This work is likely not in the public domain in the US (due to first publication with the required notice after 1922, plus renewal or "restoration" under the GATT/TRIPS amendments), nor in the EU and those countries where the copyright term is life+70 years. However, it is public domain in Canada (where IMSLP is hosted) and in other countries (China, Japan, S. Korea) where the copyright term is life+50 years.
|First Publication||1935 – London: Augener|
|Genre Categories||; ;; ; ;|
|Work Title||Two Easy Trios|
|I-Catalogue NumberI-Cat. No.||IAC 2|
|First Publication.||1935 – London: Augener|
|Copyright Information||U.S. copyright status: |
|Composer Time PeriodComp. Period||Early 20th century|
|Piece Style||Early 20th century|
|Instrumentation||Violin, cello, piano|
They are both in canon, so can be practised in unison.
Difficulty level: violin 1st pos (or 1st and 3rd better) cello 1st to 4th pos.
(The notes to this entry give "P28544" - plate 28544"?)Carse, Adam von Ahn, 1878-1958. Title: Two easy trios : for piano, violin & violoncello / Publisher: London : Augener, c1925. Description: 1 score (8 p.) ; 31 cm. Subjects: Piano trios--Juvenile--Scores. Holdings Holdings Record Display Location Information: Main Library - 2nd Floor - Music Scores Shelfmark: M1414 Car. Number of Items: 1 Status: Not on loan (Not Charged) Library has: Score only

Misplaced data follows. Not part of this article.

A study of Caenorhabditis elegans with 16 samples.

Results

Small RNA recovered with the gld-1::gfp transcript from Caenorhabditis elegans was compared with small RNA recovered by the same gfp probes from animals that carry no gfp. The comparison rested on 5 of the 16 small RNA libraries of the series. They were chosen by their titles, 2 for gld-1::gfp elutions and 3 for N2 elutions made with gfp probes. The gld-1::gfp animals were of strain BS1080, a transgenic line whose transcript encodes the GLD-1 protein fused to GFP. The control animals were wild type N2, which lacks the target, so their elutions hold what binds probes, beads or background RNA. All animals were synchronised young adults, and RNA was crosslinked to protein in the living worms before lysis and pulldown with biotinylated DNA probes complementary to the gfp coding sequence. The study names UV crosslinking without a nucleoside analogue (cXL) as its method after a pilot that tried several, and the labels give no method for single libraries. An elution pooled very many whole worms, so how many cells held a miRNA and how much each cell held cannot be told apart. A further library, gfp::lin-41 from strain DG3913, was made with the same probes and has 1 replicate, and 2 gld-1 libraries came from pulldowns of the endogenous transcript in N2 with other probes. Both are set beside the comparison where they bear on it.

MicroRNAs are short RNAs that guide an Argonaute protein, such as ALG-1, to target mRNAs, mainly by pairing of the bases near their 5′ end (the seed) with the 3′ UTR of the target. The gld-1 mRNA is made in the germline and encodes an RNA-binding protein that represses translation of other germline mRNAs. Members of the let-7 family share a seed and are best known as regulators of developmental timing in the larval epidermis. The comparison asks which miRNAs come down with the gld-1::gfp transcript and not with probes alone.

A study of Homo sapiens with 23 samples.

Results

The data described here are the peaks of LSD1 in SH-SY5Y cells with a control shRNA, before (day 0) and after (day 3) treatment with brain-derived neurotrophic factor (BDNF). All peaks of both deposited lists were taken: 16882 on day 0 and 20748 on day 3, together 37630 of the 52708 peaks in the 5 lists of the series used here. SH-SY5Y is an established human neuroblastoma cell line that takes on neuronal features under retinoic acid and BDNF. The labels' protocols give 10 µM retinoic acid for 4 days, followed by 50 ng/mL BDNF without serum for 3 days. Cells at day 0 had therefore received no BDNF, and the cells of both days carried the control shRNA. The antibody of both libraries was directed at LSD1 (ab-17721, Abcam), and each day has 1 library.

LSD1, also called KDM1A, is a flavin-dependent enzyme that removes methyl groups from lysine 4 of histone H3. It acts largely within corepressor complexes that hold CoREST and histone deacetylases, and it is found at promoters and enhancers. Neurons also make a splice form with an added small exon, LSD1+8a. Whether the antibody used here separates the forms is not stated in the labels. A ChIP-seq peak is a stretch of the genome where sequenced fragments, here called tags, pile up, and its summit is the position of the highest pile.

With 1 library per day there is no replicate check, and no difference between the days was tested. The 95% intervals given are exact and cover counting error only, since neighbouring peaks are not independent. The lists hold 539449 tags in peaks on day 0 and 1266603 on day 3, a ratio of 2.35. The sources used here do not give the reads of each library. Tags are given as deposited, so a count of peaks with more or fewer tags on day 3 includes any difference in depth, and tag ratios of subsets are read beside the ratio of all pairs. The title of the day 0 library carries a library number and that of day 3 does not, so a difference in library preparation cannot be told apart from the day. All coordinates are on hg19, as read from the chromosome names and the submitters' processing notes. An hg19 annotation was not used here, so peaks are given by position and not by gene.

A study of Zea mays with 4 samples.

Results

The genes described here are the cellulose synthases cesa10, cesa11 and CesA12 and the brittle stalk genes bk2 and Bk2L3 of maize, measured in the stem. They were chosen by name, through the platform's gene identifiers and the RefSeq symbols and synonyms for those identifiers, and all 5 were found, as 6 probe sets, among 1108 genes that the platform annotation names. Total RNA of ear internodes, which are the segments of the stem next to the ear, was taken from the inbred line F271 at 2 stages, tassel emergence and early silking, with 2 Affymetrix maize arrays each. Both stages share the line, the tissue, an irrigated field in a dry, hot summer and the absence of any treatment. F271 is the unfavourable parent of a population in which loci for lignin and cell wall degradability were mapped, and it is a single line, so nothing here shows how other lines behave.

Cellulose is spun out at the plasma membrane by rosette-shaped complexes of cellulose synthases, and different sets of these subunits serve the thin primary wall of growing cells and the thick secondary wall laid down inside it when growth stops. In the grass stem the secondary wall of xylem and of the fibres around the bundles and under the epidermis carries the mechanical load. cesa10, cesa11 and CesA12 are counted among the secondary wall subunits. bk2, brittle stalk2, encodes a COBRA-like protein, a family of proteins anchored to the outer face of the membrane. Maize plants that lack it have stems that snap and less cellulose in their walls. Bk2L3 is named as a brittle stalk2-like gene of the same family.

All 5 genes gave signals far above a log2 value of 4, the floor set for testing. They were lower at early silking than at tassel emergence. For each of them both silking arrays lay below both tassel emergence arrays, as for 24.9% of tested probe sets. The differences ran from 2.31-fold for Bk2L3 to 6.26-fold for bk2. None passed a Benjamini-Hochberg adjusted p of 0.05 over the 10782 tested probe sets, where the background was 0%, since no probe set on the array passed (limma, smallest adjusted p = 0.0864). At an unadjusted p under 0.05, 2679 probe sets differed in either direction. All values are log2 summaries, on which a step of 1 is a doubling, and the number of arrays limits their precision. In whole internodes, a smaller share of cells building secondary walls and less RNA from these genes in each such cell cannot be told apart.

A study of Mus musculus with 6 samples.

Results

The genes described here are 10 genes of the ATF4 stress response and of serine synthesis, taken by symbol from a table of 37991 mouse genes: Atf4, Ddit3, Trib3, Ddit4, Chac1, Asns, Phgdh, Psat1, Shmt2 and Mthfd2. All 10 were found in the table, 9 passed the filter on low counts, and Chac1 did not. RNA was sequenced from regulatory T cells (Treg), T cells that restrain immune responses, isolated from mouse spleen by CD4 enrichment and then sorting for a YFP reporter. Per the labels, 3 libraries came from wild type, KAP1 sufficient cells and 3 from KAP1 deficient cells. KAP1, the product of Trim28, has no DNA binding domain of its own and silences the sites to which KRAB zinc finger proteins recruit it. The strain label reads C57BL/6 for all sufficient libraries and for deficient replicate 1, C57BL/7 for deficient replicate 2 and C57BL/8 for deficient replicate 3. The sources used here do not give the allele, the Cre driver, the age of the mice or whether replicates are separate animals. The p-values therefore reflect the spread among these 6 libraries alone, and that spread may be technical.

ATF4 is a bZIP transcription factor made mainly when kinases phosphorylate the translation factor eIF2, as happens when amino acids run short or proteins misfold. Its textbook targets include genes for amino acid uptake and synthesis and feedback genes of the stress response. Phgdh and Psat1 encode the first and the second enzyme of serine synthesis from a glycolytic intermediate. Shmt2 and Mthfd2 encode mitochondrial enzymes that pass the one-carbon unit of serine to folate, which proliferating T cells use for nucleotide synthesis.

Also, an entry (at Worldcat, anyway) for the 5 Easy Trios (ah, we have a page for these... Miniature Trios by Adam Carse - I'd suggest a move to 5 Easy Trios, the title under which they appear everywhere and everywhere's cousin and uncle...) suggests that the Score has only 5 pages, 31 cm., not 8 as above, and is divided into "no.1 Minuet --
no. 2. Rondino --
no. 3. Duetto --
no. 4. Follow your leader --
no. 5. Serenade.", (plates 16311 - 16315) details which Edinburgh might not necessarily have included admittedly- but the differential in pagination is interesting. (That's 5 pages score only, plus parts.)
These two trios contrast markedly in difficulty level with the Miniature Trios. Taking the violin part, the latter are strictly in 1st pos while these are only comfortably played using 1st to 3rd pos, with more rhythmic complexity.